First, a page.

Don’t Let “Special Circumstances” Prevent You from Treating Your Varicose Veins

Natalie Buscemi Vein Health, Veins


Special Circumstance #1: Blood Thinner Medication

Are you on any blood thinning medications like Aspirin, Plavix, Coumadin, or Heparin? If so, you’ve likely noticed that there is a reluctance to treat patients taking these kinds of medications due to possible complications. However, a 2012 paper in the Annals of Vascular Surgery cited an observational study where patients on Coumadin had the same outcomes, side effects, and consequences after ablation as compared to those who were not on Coumadin. This confirms what we’ve seen in our own practice that there is no difference in results between patients who are on blood thinners and those who are not. The fact that a patient is on blood thinners is no reason to withhold treatment.

Special Circumstance #2: At-Risk Quality-of-Life Conditions

Every now and then, we’ll come across patients who have conditions that make them conventionally at-risk for any kind of medical treatment – not just vein treatment. Patients who are suffering from multiple conditions, those who are already immobile, and older patients fit into this category. Our work has shown that instead of undermining their health, vein treatment helps an overwhelming majority improve their leg-related symptoms with little-to-no risk to their overall health. As such, even with patients that have quality-of-life issues, there is no reason withhold treatment.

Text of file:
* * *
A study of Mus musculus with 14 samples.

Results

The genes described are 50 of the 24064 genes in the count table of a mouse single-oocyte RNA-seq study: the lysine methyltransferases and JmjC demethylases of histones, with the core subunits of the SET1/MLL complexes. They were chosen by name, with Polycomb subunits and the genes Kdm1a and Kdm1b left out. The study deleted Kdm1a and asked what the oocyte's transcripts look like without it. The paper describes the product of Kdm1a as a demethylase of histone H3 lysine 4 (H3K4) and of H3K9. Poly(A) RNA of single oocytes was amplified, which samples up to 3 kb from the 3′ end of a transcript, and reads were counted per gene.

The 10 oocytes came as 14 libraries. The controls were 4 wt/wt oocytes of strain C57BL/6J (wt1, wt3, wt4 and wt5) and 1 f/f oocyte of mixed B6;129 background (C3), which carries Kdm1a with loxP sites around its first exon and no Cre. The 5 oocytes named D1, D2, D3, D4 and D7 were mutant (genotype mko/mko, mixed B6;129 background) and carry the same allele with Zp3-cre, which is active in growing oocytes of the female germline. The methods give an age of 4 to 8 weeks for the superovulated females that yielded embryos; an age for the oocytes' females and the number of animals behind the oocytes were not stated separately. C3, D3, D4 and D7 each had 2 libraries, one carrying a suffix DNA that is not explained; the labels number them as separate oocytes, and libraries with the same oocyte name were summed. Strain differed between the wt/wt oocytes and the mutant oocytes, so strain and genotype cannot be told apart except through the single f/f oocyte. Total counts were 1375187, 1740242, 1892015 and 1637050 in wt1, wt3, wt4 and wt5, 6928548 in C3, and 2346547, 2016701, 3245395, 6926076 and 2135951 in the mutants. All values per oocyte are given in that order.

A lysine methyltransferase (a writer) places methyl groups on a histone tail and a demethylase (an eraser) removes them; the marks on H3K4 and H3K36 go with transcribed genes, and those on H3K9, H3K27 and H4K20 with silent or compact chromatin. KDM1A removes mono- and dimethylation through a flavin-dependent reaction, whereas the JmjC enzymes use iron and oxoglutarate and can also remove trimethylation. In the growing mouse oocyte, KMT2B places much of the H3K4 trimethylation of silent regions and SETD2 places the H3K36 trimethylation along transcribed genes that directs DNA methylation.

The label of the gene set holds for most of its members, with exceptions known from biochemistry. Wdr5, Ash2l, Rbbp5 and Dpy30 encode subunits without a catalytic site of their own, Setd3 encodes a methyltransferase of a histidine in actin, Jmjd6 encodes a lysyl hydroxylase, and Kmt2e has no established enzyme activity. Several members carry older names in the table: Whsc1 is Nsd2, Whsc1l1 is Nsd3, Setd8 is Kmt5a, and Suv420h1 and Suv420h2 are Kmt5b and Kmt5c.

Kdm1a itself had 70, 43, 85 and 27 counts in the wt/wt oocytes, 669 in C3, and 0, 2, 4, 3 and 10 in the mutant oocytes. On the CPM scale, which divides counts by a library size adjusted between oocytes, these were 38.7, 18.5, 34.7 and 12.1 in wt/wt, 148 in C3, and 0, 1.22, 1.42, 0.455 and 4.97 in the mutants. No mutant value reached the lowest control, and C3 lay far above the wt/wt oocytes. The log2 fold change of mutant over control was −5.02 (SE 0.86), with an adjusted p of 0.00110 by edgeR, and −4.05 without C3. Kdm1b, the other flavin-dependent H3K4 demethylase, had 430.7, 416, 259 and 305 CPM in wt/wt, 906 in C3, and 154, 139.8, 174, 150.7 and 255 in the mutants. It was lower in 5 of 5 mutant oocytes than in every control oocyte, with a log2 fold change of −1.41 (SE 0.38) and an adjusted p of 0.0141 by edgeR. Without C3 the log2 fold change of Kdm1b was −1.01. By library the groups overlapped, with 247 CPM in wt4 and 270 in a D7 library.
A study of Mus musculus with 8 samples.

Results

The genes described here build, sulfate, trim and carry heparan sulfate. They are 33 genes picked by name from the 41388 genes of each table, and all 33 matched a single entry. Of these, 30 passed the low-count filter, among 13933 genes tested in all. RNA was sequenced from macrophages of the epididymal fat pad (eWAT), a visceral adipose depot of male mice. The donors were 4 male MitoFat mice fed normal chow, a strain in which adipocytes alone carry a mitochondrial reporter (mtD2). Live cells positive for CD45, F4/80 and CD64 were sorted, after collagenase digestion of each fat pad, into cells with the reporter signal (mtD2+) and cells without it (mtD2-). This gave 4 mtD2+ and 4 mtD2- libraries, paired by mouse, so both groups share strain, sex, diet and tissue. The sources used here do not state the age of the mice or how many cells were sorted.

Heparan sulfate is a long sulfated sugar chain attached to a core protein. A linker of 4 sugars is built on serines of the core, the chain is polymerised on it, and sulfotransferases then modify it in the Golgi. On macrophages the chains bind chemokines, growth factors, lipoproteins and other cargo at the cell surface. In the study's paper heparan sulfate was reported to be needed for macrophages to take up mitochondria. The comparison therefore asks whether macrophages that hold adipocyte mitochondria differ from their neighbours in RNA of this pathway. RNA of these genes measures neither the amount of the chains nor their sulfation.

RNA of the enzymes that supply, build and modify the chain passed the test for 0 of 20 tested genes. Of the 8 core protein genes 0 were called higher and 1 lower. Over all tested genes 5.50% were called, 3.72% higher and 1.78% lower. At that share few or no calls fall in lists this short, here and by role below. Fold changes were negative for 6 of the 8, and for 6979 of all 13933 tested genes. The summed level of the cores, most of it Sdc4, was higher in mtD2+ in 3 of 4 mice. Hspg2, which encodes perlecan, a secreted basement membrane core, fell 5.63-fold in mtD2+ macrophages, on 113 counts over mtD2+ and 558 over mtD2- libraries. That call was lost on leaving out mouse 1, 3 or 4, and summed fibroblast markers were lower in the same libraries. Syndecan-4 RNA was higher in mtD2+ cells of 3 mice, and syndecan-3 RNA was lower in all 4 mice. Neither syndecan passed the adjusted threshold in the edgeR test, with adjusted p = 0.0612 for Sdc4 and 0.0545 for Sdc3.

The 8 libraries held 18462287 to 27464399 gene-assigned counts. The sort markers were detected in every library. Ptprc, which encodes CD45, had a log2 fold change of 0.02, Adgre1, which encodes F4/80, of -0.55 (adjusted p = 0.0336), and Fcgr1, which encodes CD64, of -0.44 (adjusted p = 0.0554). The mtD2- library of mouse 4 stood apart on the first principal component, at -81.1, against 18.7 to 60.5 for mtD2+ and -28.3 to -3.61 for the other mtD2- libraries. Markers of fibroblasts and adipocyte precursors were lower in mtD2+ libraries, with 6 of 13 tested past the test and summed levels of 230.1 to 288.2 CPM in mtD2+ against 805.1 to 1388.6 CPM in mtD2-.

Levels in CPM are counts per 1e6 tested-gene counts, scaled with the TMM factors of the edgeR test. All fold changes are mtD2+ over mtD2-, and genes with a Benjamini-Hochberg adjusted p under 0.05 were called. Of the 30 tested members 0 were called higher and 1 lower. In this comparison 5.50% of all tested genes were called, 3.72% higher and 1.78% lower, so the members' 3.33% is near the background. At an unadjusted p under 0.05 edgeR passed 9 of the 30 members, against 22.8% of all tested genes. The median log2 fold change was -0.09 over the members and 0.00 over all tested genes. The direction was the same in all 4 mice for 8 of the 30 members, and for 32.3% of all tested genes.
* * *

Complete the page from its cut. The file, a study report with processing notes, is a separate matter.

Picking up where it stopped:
Special Circumstance #3: Compression Patients

The Society for Vascular Surgery and the American Venous Forum recommends against the use of compression therapy for the primary treatment of varicose veins in patients that are good candidates for ablation. However, this has not stopped doctors from requiring their patients to wear compression stockings as a first measure. Though compression is often recommended for patients with leg ulcers, most patients see their ulcers return within six months of starting this technique. Since ulcers tend to come back, our recommendation is to proceed with ablation even if compression has been suggested as research has shown that there is no compelling reason to wait.

 

As the leading provider of vein treatments in our region, we are confident in our ability to treat “ugly legs” patients even in the presence of other issues. Given our vast experience, we’re confident treating more complicated cases, delivering the best outcomes with the lowest risk. We’ve been quick to adopt ablations as standard care for vein treatment and we’re committed to continuing to lead the charge as the future of our industry evolves.